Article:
Good afternoon Ottawa, here I am at the Attitudes toward minority religious symbols in Canada: exploring the impact of prejudices and principles.
Numerous legislations adopted or proposed to restrict the presence of religious symbols. i.e.Ban in schools (France)
Politics have an argument between prejudice and principles.
Prejudices: Winter (2014): "The Charter's Quebec values were shaped by vision of cultural exclusion and purity"
Principles: Laborde (2005) on the republican justification for the ban on religious symbols in France.
Literature and research have emerged on European cases, but various across countries (Helloing, 2014; Van der Noll, 2010)
limited literature on the Canadian case
Research questions across the country:
What are the attitudes of Canadians toward the place of religious symbols in public institutions?
Hypothesis: respondents with negative attitudes toward ethnic minorities and more likely to find unacceptable the wearing of religious symbols.
Hypothesis: Respondents who have more liberal (or progressive) values are more likely to find unacceptable the wearing of religious symbols
Provincial Diversity Project (25 minutes online survey) conducted in Jan-Feb 2014
Questions in the survey measure generalized prejudice, cultural threat, Islamophobia, liberal values, secularism,
Antoine Bilodeau, Concordia University tells the results of the survey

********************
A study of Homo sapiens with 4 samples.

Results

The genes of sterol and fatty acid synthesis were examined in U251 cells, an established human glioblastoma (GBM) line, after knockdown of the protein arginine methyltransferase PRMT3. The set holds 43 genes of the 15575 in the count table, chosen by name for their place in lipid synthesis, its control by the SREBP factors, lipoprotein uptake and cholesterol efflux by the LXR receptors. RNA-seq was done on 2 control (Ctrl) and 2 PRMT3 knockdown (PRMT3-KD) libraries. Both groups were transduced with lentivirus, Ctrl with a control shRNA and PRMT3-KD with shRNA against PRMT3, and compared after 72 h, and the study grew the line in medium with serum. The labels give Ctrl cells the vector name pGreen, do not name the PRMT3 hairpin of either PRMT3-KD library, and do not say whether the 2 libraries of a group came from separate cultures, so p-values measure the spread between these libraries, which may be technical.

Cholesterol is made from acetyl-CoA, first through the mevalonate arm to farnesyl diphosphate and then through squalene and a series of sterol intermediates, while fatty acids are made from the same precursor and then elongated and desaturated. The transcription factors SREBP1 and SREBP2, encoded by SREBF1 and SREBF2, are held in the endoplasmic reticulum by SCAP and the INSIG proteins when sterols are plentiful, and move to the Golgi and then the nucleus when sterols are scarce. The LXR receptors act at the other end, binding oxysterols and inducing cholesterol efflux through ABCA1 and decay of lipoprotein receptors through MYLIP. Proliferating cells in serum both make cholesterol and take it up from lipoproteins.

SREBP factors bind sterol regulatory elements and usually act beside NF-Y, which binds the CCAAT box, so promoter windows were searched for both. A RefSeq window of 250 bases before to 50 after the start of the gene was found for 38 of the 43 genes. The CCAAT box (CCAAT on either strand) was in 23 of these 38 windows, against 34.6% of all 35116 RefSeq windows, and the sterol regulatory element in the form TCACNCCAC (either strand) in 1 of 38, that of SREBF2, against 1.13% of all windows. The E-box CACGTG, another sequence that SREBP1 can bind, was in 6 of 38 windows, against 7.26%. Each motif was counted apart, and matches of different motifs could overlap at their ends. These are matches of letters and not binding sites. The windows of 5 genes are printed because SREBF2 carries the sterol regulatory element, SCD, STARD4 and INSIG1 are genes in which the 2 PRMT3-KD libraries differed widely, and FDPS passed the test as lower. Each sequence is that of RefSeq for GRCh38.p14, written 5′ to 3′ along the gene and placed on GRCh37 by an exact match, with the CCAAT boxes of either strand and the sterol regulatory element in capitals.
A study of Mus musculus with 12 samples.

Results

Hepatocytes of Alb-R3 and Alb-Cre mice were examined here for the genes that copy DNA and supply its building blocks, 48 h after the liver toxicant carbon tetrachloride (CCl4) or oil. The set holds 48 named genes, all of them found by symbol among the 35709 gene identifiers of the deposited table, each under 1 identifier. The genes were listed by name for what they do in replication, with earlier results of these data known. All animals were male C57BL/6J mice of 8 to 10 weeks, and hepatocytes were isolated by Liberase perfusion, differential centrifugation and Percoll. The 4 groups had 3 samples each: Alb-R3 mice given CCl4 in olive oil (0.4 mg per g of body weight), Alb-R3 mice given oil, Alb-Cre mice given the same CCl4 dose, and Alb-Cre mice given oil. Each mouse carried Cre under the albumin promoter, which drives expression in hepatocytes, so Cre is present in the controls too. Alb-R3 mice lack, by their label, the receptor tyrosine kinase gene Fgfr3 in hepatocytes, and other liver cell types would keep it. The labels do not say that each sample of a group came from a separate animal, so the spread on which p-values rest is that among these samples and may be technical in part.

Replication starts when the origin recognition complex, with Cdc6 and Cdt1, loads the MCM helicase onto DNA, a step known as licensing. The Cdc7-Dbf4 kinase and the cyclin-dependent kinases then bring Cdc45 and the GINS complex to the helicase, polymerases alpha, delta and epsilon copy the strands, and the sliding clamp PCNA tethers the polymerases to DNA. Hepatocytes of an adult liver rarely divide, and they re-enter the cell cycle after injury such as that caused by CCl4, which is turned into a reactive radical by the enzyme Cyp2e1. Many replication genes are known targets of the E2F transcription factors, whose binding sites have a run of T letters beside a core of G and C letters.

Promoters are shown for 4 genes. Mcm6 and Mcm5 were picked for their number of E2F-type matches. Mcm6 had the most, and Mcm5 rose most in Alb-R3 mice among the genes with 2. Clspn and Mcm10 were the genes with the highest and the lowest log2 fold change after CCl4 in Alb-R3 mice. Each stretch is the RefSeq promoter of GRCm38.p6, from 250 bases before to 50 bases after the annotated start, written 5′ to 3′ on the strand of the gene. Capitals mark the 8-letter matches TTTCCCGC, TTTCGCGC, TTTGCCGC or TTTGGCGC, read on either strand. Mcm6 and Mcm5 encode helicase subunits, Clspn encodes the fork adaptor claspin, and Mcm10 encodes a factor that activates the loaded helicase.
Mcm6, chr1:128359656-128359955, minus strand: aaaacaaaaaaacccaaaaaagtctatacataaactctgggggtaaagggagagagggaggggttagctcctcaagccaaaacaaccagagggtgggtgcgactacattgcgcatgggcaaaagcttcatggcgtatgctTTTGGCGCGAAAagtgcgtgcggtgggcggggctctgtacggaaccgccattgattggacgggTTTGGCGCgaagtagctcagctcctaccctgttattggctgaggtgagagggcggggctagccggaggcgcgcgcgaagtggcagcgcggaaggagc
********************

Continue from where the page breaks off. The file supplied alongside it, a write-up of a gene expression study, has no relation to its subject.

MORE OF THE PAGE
37% answering that it is not acceptable for a student to wear a religious symbol in Quebec
Quebec stands out with 74% answering that it is not acceptable for a police officer to wear a religious symbol
Quebec stands out again in the country with 59% answering that it isn't acceptable for a person to wear a religious symbol in two or three contexts
72% of French speakers support for banning religious symbols and speaking French at home
Religious attendance is meaningful because the most you attend a religious institution the less you are going to oppose to it, says Antoine Bilodeau
Opposition to progressive values in Quebec increases and in the rest of the country it decreases.
There are two types of supporter of the Charter of Values
Charter supporters in favour of removing the crucifix are mostly PQ supporters, Francophones, Atheist
Charter supporters opposing removal of the crucifix are mostly Catholics, Anglophones, Religious people
Evidence that Quebec's reasonable accommodation and Charter debates brought together "strange bedfellows": Social progressives and those with prejudicial attitudes, Stephen White, professor at Concordia University says
Difference between Quebec and the rest of the country seems to be the product of different conceptions of liberalism. ("Enlightenment" vs "reformation" liberalism)
The more progressive or liberal you are, the less prejudice you have, says Stephen White
More work is needed on different conceptions of liberalism and attitudes toward religious symbols
The older you are the more opposed you are, says Antoine Bilodeau
Audience make questions: Is there any gender effect in these results?
There is more gender effect in Quebec than in the rest of the country.